For close to a decade, I felt like I was carrying the professional curse of Cassandra—a Trojan princess from Agamemnon. In the Greek myth, she is a seer who can foretell the future but is cursed never to be believed. (It does not end well.)
After college, I worked a job in luxury retail. I loved my job. It was fun, and I was good at it. I was the company’s No. 1 salesperson, and I had a lot of great ideas for how things could be better. But despite my accomplishments, I couldn’t get anyone in the corporate office—or sometimes even in the store—to listen to me. I felt helpless.
So I left for a position at the corporate office of a major fashion brand. I would have a voice! I could facilitate change! Except I soon learned that wherever you go, the challenges of navigating interpersonal dynamics follow. My job was connected to other people’s work—I could do my work to the best of my ability, but others’ procrastination could still affect my performance.
I tried my best to make it work. “If you give me your sample orders by next week, then we won’t be scrambling on the day of the buy meeting. Please respond by [date], so that I can take the appropriate action,” I would tell my bosses. Or, “While that solution is a temporary fix, it ignores X, Y and Z and will cause [future problem].”
Within six months, though, I was exhausted.
Within three months of starting that position, I had set the bar high. Within six months, though, I was exhausted. I could see everything, but as the lowest rung on the ladder, I couldn’t usually do anything to stop it, despite my best efforts. Once again, I felt helpless. My professional life was a series of frustrations; I would bring a potential problem to my bosses’ attention, and they would blithely ignore it. Chaos would ensue, and I was responsible for managing it.
“Don’t borrow trouble,” my boss would tell me when I pulled him aside. It was the worst response he could have given me. I was frustrated. I cried. Little did I know that it would turn out to be the best advice I’d ever receive about managing conflict—and, specifically, my reactions in the workplace.
This time I left both my job and New York City and headed home to Chicago.
I took a job working for my dad—and having a combined DadBoss was great, until suddenly it wasn’t. I still had to contend with the fact that there were things about my workplace I couldn’t change, except now it also meant accepting that there were things I couldn’t change about my dad, either.
Something had to give. I heard Tim’s voice in my head: Don’t borrow trouble.
Yes, 100 slides was too many for a presentation, but my dad was married to the idea. In the end, it was his call to make. I stepped back. I relented. I stopped trying to reinvent the wheel. If the sales department had better CRM tools, they’d be more effective, and it would make my job in marketing easier. This was still true. It also wasn’t within my power to make it happen.
I realized I’d been wasting hours doing labor—emotional labor—that no one had asked of me. I felt burnt out because I spent so much time agonizing about things that were not within my control. I had to let go. The answer, for me, was to put my head down and focus on the things within my control. I might not agree with the boss’s decision, but that wasn’t my place to change.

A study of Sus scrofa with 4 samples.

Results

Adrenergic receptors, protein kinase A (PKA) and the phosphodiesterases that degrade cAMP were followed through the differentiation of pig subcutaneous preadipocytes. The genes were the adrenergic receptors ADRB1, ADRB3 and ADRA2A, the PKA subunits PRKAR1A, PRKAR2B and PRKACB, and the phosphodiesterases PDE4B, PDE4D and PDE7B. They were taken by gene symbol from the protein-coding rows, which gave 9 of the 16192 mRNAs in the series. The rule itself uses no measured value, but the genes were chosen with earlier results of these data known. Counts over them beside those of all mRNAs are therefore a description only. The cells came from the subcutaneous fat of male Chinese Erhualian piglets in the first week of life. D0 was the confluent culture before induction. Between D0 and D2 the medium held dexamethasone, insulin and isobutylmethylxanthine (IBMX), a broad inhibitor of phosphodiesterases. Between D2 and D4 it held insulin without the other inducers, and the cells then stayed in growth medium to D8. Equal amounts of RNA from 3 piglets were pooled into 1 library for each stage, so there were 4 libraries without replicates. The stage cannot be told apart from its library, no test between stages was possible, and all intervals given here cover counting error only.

When I gave up on trying to correct everything, I learned that not every problem needs to be fixed.
At first, it felt like I was slacking. Slowly, I started to see that, for years, I’d been running a dead sprint in a hamster wheel, and that’s why I was going nowhere. When I gave up on trying to correct everything, I learned that not every problem needs to be fixed. Different people are more sensitive to different things, so what was bothering me might not be bothering those around me.
I might be more perceptive to redundancy, while others are more perceptive to mess. I don’t care if there are stacks of paper on my desk (and on the floor). My co-workers don’t mind if they have to import a number more than once. By repeatedly trying to fix problems that didn’t bother other people (and so they weren’t really motivated to change), the only person I was hurting was myself (because I felt frustrated and impotent).
This was why, no matter how good I was at a job—and I made it a point to always be the best—I got burnt out and had to leave within 18 months. In learning to let go, I was figuring out how to be good at a job and how to like that job for longer than a year and a half.
The truth is that the workday is long. We spend a lot of our waking hours in an office with people we might not choose as friends, if it were up to us. People like to complain. Sometimes it means there’s a problem. Other times, they’re just bored or they just want to complain because it feels good. I learned that someone complaining about a task was not tantamount to them asking me to fix it.
I let my dad rework things that I didn’t agree with, and when I was micromanaged, I let it happen—OK, not all the time. When I stopped fighting 1,000 tiny battles a day, I had more energy to fight for the big things that really mattered.
In the end, it didn’t work out for me to continue working for my dad—man, that is a tough situation for both parties—but I’ll never forget what I gained while I was employed there. I finally learned to let go, which in turn made me happier. Now, I’m willing to give up a couple of fights and to sacrifice the title of “best person we’ve ever had at this job” if it means I’ll be less exhausted. After all, if I’m in it for the long haul, I might eventually get a chance to make all the changes I want to make.